Britney Spears’ new attorney says he’s ‘moving aggressively’ to boot Jamie Spears
Britney Spears’ new attorney is getting down to business — the business of having Jamie Spears removed from his position of authority over his pop star daughter.
“My firm and I are moving aggressively and expeditiously to file a petition to remove Jamie Spears unless he resigns first,” Mathew Rosengart said Monday afternoon outside L.A.'s Stanley Mosk Courthouse, as seen in video posted on social media.
Note the slight difference between what he said and what Spears has asked for in recent weeks: The dissolution of her conservatorship entirely, without a review of her mental health.
Spears has said she’s afraid of her father, who has been paid to handle her money since 2008. Up until 2019, he was also in charge of his daughter’s personal decisions.
‘My so-called support system hurt me deeply,’ Britney Spears wrote on Instagram after criticizing sister Jamie Lynn Spears’ move to perform her songs.
Rosengart was approved as Spears’ personal attorney in a hearing Wednesday. He and his firm, Greenberg Traurig LLP, replaced court-appointed attorney Samuel Ingham III and the firm Loeb & Loeb, both of whom had recently tendered their resignations pending assignment of new representation.
Ingham had represented the singer since the start of her conservatorship in 2008; Spears complained June 23 that she never knew she could petition to end the conservatorship at any time.
Last week, the 39-year-old mother of two got more specific about her wishes, saying in court, “I would like to charge my father with conservatorship abuse.”
Addressing the court for the first time in two years, pop star Britney Spears was candid and emotional at her conservatorship hearing Wednesday.
Describing being denied things as basic as coffee, “hair vitamins” and her driver’s license, she said, “If this is not abuse, I don’t know what is.”
In turn, Vivian Thoreen, attorney for Jamie Spears, told the court that Britney Spears had many inaccurate beliefs, among them that “her father is responsible for all the bad things that have happened to her.”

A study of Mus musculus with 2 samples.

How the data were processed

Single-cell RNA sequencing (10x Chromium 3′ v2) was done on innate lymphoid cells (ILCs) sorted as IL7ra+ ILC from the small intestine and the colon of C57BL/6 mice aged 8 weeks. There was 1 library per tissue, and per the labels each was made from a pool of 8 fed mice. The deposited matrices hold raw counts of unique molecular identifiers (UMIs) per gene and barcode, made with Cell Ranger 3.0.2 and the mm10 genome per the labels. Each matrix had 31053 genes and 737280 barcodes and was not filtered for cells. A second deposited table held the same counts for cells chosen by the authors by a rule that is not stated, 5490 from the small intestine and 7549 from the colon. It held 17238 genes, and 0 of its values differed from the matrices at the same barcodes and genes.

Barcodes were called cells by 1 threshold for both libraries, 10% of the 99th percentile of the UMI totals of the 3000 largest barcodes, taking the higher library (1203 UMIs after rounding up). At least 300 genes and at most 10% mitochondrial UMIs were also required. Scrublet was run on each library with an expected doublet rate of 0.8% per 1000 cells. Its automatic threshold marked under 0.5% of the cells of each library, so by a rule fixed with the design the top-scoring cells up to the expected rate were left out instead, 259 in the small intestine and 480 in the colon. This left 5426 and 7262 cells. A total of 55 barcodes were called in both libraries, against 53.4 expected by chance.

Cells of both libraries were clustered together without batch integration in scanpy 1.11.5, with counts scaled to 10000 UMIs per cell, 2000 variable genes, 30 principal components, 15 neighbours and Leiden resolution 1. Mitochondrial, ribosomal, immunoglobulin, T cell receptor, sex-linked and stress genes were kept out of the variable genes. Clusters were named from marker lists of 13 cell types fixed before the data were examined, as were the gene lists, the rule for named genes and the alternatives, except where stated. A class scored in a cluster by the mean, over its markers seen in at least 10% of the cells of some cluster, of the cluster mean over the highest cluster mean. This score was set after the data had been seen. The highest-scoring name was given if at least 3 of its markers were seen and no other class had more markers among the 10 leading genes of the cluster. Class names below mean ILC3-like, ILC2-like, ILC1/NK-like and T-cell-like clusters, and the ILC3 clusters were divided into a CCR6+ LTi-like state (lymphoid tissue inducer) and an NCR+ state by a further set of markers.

“Whether it’s misinformation, lack of correction, or being wrongly advised, I don’t know,” Thoreen said, noting that since 2019 Jamie had been in charge only of his daughter’s estate, not her person.
Continuing a conservatorship-reform push he began in March, embattled U.S. Rep. Matt Gaetz (R-Fla.) spoke at a #FreeBritney protest in downtown L.A.
Monday’s hearing was set, ostensibly, to hash out details about who would or would not pay for a 24/7 security detail for Jodi Montgomery, currently the conservator of Spears’ person. Montgomery said in a July 8 court filing that she had to hire security starting June 30 after receiving an increased number of threats in posts online and directed at her via phone calls, text messages and emails.
Spears’ estate had been paying for Montgomery’s $50,000-a-month security detail on a conditional basis; Jamie Spears’ team was arguing that the estate could not afford to pay security costs for every person involved in the conservatorship who fielded threats.
Outside court Monday, Rosengart thanked the pop star for her “courage and her strength” and gave a nod to Judge Brenda Penny for her courtesy as he and his firm joined the case.
“I also want to thank Britney Spears’ fans and supporters,” he added. “The outreach and support for my firm, myself, and most importantly, Britney, has truly been overwhelming.”
The next hearing in the case is scheduled for Monday.
The Associated Press contributed to this report.